EtymologyEdit

From Middle English enducen, borrowed from Latin indūcere, present active infinitive of indūcō (lead in, bring in, introduce), from in + dūcō (lead, conduct). Compare also abduce, adduce, conduce, deduce, produce, reduce etc. Doublet of endue.

PronunciationEdit

VerbEdit

induce (third-person singular simple present induces, present participle inducing, simple past and past participle induced)

  1. (transitive) To lead by persuasion or influence; incite.
    • 1898, Winston Churchill, chapter 4, in The Celebrity:
      The Celebrity, by arts unknown, induced Mrs. Judge Short and two other ladies to call at Mohair on an afternoon when Mr. Cooke was trying a trotter on the track. The three returned wondering and charmed with Mrs. Cooke; they were sure she had had no hand in the furnishing of that atrocious house.
  2. (transitive) To cause, bring about, lead to.
    His meditation induced a compromise.   Opium induces sleep.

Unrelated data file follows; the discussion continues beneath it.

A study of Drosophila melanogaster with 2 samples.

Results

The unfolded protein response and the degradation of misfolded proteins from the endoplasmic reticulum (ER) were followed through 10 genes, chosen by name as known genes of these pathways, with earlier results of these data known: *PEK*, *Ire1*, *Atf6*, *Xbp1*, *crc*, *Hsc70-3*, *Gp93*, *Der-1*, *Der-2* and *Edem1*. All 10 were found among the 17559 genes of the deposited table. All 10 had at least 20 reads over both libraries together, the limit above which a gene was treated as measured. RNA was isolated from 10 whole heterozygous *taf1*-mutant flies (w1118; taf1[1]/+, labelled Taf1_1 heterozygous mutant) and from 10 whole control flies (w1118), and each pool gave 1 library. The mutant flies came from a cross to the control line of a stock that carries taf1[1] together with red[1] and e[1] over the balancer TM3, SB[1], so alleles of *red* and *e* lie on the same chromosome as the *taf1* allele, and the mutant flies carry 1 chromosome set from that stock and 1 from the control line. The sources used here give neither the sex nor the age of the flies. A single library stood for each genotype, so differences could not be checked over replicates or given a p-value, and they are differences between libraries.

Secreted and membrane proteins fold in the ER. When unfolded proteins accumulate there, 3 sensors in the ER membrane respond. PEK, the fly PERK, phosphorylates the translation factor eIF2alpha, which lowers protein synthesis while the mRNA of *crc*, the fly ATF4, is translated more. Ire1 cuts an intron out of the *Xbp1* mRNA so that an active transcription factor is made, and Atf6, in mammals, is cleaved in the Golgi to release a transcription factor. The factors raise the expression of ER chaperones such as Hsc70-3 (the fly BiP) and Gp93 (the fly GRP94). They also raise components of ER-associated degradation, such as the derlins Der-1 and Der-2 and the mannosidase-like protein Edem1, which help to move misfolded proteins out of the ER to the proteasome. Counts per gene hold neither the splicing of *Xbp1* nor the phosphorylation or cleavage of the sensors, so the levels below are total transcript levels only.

3. (physics) To cause or produce (electric current or a magnetic state) by a physical process of induction.
  4. (transitive, logic) To infer by induction.
  5. (transitive, obsolete) To lead in, bring in, introduce.
  6. (transitive, obsolete) To draw on, place upon.


VerbEdit

induce

  1. Third-person singular indicative present of indurre

LatinEdit

RomanianEdit

EtymologyEdit

Borrowed from Latin indūcere, present active infinitive of indūcō, with senses based off French induire.

VerbEdit

a induce (third-person singular present induce, past participle indus3rd conj.

  1. to induce, incite, cause or push to do something

ConjugationEdit


VerbEdit

induce

  1. Informal second-person singular () affirmative imperative form of inducir.
  2. Formal second-person singular (usted) present indicative form of inducir.
  3. Third-person singular (él, ella, also used with usted?) present indicative form of inducir.